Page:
Richard Rorty has adopted Davidson's argument against the third dogma and employed it in a ruthless critique of lingering empiricist biases in the work of classical pragmatist John Dewey, particularly the latter's Experience and Nature. Rorty, mostly following Davidson, argues against the utility of the very concept of experience, which Dewey assumes as fundamental to a philosophical pragmatism in books such as Experience and Nature. (It is also worth noting the centrality of experience for another pragmatist, William James, who in his Essays in Radical Empiricism, attempts to postulate something resembling a metaphysics of pure experience--pure here simply meaning something like unmediated, present, and direct.) Following Davidson, Rorty ferrets out any lingering dogmas in the works of his pragmatist eidola.

While at one time I found Rorty's and Davidson's arguments particularly compelling, I now think they are firmly rooted in some fairly pervasive biases of the philosophy of language. Having gradually weened myself off of these biases, I now find the argument against the third dogma mostly superfluous.

The basic assumption which Davidson's argument seeks to displace is this: language stands in a justificatory relationship to experience. Having upset this assumption, Davidson and Rorty fairly well rid themselves of any need of the concept of experience.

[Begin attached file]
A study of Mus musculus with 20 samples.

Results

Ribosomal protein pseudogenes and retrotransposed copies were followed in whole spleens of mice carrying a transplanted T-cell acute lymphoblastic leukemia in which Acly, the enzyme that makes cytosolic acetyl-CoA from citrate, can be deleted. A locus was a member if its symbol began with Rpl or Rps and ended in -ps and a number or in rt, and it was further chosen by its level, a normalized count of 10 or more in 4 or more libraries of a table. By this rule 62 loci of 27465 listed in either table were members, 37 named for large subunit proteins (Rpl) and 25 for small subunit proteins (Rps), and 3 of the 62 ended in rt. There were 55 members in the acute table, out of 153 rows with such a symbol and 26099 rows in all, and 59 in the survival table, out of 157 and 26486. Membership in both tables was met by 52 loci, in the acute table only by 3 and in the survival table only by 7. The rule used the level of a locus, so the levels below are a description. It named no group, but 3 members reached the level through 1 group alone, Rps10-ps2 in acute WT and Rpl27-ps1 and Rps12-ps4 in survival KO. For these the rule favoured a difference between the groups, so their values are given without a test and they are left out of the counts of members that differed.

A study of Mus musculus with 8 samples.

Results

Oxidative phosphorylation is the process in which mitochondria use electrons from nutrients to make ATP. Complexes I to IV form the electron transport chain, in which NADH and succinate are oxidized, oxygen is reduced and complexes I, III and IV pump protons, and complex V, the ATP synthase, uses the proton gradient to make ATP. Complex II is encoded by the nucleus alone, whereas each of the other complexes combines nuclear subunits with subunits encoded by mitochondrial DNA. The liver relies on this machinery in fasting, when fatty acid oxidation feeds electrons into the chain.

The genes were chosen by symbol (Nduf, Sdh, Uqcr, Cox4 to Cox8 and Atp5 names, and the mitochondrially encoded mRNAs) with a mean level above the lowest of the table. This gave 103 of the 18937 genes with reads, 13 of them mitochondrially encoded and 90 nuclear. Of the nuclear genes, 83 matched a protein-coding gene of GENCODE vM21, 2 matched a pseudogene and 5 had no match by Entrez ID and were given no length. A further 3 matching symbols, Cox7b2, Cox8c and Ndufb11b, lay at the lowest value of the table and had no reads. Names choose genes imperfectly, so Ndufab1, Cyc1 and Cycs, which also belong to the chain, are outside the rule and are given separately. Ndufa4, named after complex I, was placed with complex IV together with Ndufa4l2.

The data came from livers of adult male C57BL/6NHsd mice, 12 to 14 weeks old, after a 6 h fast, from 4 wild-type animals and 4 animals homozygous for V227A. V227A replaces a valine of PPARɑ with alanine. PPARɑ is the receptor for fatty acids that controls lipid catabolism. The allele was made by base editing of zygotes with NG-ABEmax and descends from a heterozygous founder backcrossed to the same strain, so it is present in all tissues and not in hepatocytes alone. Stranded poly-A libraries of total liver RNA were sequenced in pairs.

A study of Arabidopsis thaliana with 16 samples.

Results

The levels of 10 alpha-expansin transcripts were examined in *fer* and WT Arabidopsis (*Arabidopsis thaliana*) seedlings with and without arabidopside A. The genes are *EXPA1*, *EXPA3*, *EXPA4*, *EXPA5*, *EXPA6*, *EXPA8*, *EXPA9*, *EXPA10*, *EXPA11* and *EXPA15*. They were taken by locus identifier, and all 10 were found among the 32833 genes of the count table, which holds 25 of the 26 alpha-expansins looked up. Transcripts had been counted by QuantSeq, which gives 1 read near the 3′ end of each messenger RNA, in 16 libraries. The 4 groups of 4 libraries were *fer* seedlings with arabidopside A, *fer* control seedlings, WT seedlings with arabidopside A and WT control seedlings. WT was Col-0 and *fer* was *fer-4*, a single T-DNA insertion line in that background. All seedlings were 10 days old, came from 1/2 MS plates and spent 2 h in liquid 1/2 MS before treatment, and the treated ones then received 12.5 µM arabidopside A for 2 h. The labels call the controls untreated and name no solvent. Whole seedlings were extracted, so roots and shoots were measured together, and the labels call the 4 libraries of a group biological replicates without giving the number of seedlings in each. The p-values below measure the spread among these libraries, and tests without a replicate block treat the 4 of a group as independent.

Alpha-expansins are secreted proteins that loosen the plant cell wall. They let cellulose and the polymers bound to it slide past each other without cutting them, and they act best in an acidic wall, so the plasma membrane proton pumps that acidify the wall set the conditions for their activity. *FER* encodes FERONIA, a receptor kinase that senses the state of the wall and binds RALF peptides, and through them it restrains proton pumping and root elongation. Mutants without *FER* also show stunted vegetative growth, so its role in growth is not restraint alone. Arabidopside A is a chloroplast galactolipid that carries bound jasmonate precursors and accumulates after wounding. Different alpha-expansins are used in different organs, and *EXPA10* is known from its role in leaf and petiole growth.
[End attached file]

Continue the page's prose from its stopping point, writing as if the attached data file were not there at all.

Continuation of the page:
But one can just as well take a different view of language. Language, we can agree with Davidson and Rorty, does not interpret or stand in need of experiential justification. But rather than subsuming experience within the totality of language, or propositional belief, as Rorty and Davidson do, we can assert that language itself is a direct form of experience, a form of 'pure experience' if we will, following Wm. James. Our language does not interpret experience, and thus stands in no need of experiential mediation (which mediation Davidson's argument against the third dogma neatly refutes), but rather is one among many ways of directly having experience in the world. In the present, language simply is one way of experiencing, of interacting with an environment. And, when we come to use language in reference to former experiences, we can view this language not as representational (which concept Rorty nicely displaces in his Philosophy and the Mirror of Nature), but rather, following James in his Essays in Radical Empiricism as additive to former experience. Language regarding prior experience does not represent this experience, rather it adds to it, and reworks it--problems of represenational adequation and experiential justification simply need make no appearance.

Thus, we can leave ourselves with a philosophy in which both language and experience are firmly intact. The relationship between the two need no longer worry us as it did the analytic philosophers of language which Rorty and Davidson were writing in the tradition of, because we simply admit language as one form of being in direct contact with the world we live in.